Herefords thriving at Pilliga

Herefords thrive in marginal country at Pilliga



Philip Currey with Hereford cows and calves at "Glenroy", Pilliga. His focus is on improving the quality and temperament of his cows.



Mr Currey runs 150 breeders, including about 120 cows and 30 replacement heifers, producing weaners.

But the steers are just a by-product of his breeder production, he said.

“My focus has always been on the cows,” he said.

“I see the steers as a by-product of breeding good quality cows.

“The steers go from here and buyers are happy with them because the genetics are there for them to grow out.”

Mr Currey has been using Truro Hereford bulls for the past 25 years.

“I try to buy at least one new bull a year to bring in new genetics,” he said.

He looks for low birthweight bulls with moderate growth.

“I want the EBV (estimated breeding value) for 600-day weight to be no higher than +65 because I don’t want my cattle to grow too big,” Mr Currey said.

“I’m breeding a moderate framed animal that's does well anywhere and its progeny will grow out on good feed.”

Cows are joined for three months starting in October, while the heifers are joined in March.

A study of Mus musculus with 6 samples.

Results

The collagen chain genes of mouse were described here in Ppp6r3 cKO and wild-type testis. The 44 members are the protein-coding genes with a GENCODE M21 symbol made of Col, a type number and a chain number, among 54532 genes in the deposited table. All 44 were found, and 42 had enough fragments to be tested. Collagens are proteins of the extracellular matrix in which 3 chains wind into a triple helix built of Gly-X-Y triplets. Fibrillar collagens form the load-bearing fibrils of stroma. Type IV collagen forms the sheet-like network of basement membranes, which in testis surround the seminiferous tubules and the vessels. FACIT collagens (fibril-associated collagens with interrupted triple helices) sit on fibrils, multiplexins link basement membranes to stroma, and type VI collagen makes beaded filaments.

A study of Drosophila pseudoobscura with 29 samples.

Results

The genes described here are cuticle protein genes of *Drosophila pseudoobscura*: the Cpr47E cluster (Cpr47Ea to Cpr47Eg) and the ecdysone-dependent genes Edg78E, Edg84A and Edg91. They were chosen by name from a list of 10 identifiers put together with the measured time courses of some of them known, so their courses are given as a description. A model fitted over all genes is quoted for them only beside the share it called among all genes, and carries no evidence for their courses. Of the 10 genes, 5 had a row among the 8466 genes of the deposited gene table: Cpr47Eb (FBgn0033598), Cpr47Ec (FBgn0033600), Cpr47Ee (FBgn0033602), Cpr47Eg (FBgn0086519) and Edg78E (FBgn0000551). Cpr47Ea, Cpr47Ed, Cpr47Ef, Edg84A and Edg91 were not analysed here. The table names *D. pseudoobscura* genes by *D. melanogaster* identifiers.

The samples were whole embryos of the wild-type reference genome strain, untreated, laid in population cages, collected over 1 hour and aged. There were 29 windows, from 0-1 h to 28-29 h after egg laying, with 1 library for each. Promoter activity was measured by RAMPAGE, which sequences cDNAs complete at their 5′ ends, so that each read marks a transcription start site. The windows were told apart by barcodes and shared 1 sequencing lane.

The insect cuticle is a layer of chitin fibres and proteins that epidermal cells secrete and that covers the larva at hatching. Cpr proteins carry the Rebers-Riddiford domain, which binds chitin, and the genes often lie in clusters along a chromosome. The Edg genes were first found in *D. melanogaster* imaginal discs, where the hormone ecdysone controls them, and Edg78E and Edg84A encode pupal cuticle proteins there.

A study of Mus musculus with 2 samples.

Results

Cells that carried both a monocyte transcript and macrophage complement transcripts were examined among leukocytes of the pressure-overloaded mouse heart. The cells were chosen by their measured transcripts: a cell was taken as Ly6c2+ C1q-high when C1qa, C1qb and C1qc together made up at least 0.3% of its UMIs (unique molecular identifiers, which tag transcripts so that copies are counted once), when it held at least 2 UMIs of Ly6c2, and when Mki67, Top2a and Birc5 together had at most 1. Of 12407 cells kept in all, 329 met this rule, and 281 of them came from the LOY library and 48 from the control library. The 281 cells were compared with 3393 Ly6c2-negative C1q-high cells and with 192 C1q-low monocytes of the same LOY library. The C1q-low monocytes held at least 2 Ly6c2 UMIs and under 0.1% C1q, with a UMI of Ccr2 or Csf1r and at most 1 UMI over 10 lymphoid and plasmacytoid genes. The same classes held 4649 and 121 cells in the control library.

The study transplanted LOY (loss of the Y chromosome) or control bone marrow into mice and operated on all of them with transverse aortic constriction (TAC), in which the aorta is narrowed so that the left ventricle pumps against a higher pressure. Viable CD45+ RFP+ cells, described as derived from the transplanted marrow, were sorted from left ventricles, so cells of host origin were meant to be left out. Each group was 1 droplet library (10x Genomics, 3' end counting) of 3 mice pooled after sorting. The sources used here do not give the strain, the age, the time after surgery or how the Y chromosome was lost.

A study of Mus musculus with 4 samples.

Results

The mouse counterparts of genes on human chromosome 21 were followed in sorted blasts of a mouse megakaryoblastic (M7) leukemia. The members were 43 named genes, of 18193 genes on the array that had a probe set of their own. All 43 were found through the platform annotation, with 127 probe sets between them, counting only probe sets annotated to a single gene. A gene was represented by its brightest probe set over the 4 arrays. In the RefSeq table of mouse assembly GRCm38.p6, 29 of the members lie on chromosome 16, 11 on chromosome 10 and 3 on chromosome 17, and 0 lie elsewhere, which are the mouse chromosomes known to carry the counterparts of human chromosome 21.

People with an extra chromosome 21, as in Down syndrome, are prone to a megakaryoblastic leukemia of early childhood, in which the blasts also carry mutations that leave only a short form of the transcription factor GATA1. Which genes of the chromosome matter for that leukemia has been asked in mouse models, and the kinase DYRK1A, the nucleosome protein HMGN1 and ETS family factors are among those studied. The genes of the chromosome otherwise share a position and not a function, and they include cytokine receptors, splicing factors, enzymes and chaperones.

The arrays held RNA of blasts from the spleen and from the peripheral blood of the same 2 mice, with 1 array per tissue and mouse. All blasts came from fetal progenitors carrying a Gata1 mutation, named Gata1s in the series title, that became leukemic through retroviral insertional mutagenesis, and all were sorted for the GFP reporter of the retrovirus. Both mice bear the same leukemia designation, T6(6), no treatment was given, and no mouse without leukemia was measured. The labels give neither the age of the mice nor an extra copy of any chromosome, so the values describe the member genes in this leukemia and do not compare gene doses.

“We were joining heifers earlier but now I’m letting them grow out to 18 months before they’re joined which has made calving much easier,” Mr Currey said.

“I haven't lost a heifer this time and I lost up to eight before. We haven’t even had to assist any with calving.”

Mr Currey selects the best 30 heifers to keep each year, with a focus on structure and type.

“I like heifers with a moderate frame that’s a good looking animal. I don't care if it's the youngest calf in the mob as long as she’d the right type. We also cull on temperament. That’s the biggest thing – they need to be quiet and easy to handle.”

The cows are kept until they’re five or six years of age.

”We cull them at five or six – you don’t want old cows on the marginal country here,” he said.

Cull heifers are sold as weaners through store sales alongside the steers, with Mr Currey selling at Narrabri, Tamworth and Dubbo, depending on the season.

“We take them wherever the rain falls – that’s where you’ll get the best money. The steers went to Tamworth last time and the top pen made $960 a head.”

Mr Currey doesn’t do anything special for the weaners but he tries to give the cows a boost at calving.

“We try to calve them onto oats which is good for the cow when the calf is on the ground and we give them hay, oats and dry lick before calving.”